Tips for safeguarding against cyberthreats
Cybersecurity awareness is key to protecting customers from social engineering scams.
Alexa Martinez was on high alert when one of her older customers asked her to initiate a wire transfer that would essentially deplete his life savings. The wire was going to an overseas account the customer had never interacted with before, and the more questions Martinez asked, the stronger she felt something was wrong. The 81-year-old customer was fuzzy on details, couldn’t provide an address for the receiver, and his general demeanor was off.
“He seemed a little uneasy, and I just told him that this sounds like fraud,” said Martinez, a personal banker in Boise, Idaho. Martinez delayed the transaction and alerted her branch manager, Nick Talik. When they followed up with the customer the next day and asked more questions, they realized that he’d been caught in a tech support scam — cybercriminals had purportedly fixed a problem on his laptop, pretended to credit too much money to his bank account, and convinced him to wire the “excess” money back to them.
“It was a very intricate and smart scheme because they were able to gain access to his computer and lock him out,” Talik said. “He came in and we showed him that there were no extracurricular activities on his account and explained why we couldn’t proceed with the transfer. This was 100% fraud, and we didn’t want him to lose all his money.”
How to safeguard yourself from cyberthreats
Tech support scams are just one form of social engineering scams. These attacks occur when scammers trick victims into sharing confidential information, such as usernames and passwords or other personal information that may be used for fraudulent purposes.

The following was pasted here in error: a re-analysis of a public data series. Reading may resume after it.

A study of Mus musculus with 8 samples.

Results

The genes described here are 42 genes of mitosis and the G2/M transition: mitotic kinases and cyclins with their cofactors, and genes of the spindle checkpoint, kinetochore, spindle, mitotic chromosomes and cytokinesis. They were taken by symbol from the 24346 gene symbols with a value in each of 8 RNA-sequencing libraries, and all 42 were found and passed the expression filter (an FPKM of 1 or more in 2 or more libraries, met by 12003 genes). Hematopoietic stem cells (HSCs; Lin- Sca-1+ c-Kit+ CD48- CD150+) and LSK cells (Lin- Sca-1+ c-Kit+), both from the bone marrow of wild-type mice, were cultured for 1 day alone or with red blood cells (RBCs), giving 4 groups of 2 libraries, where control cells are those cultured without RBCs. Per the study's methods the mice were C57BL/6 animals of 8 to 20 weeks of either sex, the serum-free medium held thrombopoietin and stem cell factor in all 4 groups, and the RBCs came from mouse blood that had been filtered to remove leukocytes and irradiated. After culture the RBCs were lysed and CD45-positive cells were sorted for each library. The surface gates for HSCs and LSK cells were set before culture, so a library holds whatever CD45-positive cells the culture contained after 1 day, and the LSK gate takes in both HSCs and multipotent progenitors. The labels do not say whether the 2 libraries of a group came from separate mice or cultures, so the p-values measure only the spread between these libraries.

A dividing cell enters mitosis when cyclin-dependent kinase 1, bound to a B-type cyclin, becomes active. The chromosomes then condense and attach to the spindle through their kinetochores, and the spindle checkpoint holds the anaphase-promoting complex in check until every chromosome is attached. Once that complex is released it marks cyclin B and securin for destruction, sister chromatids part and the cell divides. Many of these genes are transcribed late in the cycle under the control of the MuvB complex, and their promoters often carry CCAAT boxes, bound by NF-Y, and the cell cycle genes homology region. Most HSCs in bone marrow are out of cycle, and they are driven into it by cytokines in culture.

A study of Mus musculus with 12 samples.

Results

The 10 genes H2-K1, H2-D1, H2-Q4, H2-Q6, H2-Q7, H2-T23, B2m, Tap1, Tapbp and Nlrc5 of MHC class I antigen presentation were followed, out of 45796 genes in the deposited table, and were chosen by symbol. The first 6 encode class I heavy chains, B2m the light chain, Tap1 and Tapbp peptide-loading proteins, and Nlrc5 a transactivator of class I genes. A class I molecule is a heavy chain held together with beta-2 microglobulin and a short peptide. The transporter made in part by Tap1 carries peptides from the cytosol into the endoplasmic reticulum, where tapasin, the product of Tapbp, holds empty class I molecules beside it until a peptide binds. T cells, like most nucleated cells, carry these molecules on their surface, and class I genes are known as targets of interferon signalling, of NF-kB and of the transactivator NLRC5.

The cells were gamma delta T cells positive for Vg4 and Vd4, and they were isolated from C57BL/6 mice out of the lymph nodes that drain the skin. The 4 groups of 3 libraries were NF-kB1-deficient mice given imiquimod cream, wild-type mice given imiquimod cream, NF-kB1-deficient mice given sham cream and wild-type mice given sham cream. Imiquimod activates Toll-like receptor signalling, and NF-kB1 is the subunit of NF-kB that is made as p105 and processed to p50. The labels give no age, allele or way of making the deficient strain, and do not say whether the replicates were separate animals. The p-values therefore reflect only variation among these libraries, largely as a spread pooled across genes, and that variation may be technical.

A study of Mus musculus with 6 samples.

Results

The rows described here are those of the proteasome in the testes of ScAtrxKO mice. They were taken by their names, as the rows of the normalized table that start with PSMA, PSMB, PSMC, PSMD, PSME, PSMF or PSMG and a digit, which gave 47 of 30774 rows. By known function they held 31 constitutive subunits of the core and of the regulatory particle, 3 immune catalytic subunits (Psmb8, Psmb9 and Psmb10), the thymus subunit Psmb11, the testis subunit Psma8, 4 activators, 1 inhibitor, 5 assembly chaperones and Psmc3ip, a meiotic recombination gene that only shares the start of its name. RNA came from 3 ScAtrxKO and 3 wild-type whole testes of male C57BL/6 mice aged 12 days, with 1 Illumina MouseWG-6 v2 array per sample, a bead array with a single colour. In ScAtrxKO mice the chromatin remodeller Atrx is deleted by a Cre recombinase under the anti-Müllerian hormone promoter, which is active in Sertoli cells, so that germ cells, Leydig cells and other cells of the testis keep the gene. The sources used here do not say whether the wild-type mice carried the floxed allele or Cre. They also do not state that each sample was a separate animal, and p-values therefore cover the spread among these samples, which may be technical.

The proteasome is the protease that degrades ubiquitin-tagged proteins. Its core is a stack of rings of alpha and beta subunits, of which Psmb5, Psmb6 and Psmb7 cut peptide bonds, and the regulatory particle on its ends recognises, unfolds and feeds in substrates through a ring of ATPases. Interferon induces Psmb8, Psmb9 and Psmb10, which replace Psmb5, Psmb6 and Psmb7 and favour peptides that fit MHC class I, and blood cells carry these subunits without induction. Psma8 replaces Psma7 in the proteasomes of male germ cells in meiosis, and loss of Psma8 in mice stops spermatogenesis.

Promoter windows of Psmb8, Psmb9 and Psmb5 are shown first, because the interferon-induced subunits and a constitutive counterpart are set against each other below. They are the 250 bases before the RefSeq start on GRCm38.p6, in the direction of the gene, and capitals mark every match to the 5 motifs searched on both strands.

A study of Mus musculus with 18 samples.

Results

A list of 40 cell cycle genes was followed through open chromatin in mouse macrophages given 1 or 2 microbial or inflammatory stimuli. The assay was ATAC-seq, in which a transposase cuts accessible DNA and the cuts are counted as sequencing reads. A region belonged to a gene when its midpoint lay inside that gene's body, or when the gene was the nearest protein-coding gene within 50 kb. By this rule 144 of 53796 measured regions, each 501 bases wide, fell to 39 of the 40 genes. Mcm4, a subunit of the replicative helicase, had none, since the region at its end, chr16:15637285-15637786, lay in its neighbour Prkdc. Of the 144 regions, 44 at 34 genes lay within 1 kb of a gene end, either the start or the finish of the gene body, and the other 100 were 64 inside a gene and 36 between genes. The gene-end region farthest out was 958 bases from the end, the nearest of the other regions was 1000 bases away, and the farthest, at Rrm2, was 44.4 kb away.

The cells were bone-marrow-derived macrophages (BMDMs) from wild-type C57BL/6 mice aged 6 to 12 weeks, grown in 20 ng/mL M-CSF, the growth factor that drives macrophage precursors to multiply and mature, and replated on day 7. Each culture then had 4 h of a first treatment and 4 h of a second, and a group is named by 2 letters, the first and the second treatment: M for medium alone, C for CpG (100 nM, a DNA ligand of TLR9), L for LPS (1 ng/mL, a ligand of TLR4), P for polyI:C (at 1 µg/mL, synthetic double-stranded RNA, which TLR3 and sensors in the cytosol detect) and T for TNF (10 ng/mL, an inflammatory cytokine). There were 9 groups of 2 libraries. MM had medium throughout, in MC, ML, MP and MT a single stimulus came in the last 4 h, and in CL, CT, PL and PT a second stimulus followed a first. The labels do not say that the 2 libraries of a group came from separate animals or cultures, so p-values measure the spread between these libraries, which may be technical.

It’s an increasingly common scam that can have severe consequences. The FBI’s Internet Crime Complaint Center logged 467,361 complaints last year, with phishing, extortion, and personal data breach among the most common crime types. In 2019, identity fraud losses rose to $16.9 billion, an increase of 15% from 2018, according to the research firm, Javelin.
Gary Owen, Wells Fargo’s chief information security officer, said customers can help protect themselves from cybercriminals by staying vigilant against potential threats and suspicious activity.
Best practices include reviewing bank accounts regularly, setting up account alerts to help spot unusual activity, and creating strong passwords using an uncommon phrase with a mix of letters and numbers. Customers should not respond to unsolicited phone calls, texts, emails, and pop-ups, or sign on to bank accounts from a link in a suspicious message.
Additionally, business owners should verify all changes to payment instructions using a different form of contact to make sure it’s authentic and ensure they have controls over physical checks and signatures. It’s also important to instruct employees to protect sign-on information and be wary of unexpected authentication prompts or on-screen messaging. They should not click on links in suspicious emails or text messages.
A heartfelt thank you
For Martinez and Talik, their ability to identify the warning signs of fraud earned them recognition from the Boise Police Department after the customer reported the scam to the local authorities. Martinez and Talik issued new debit cards for the customer after helping him secure his accounts, and also set him up with an appointment at a computer repair shop to restore access to his laptop.
“He sent us flowers a few days later,” Martinez said. “He was so grateful, and he knew we had his best interest at hand.”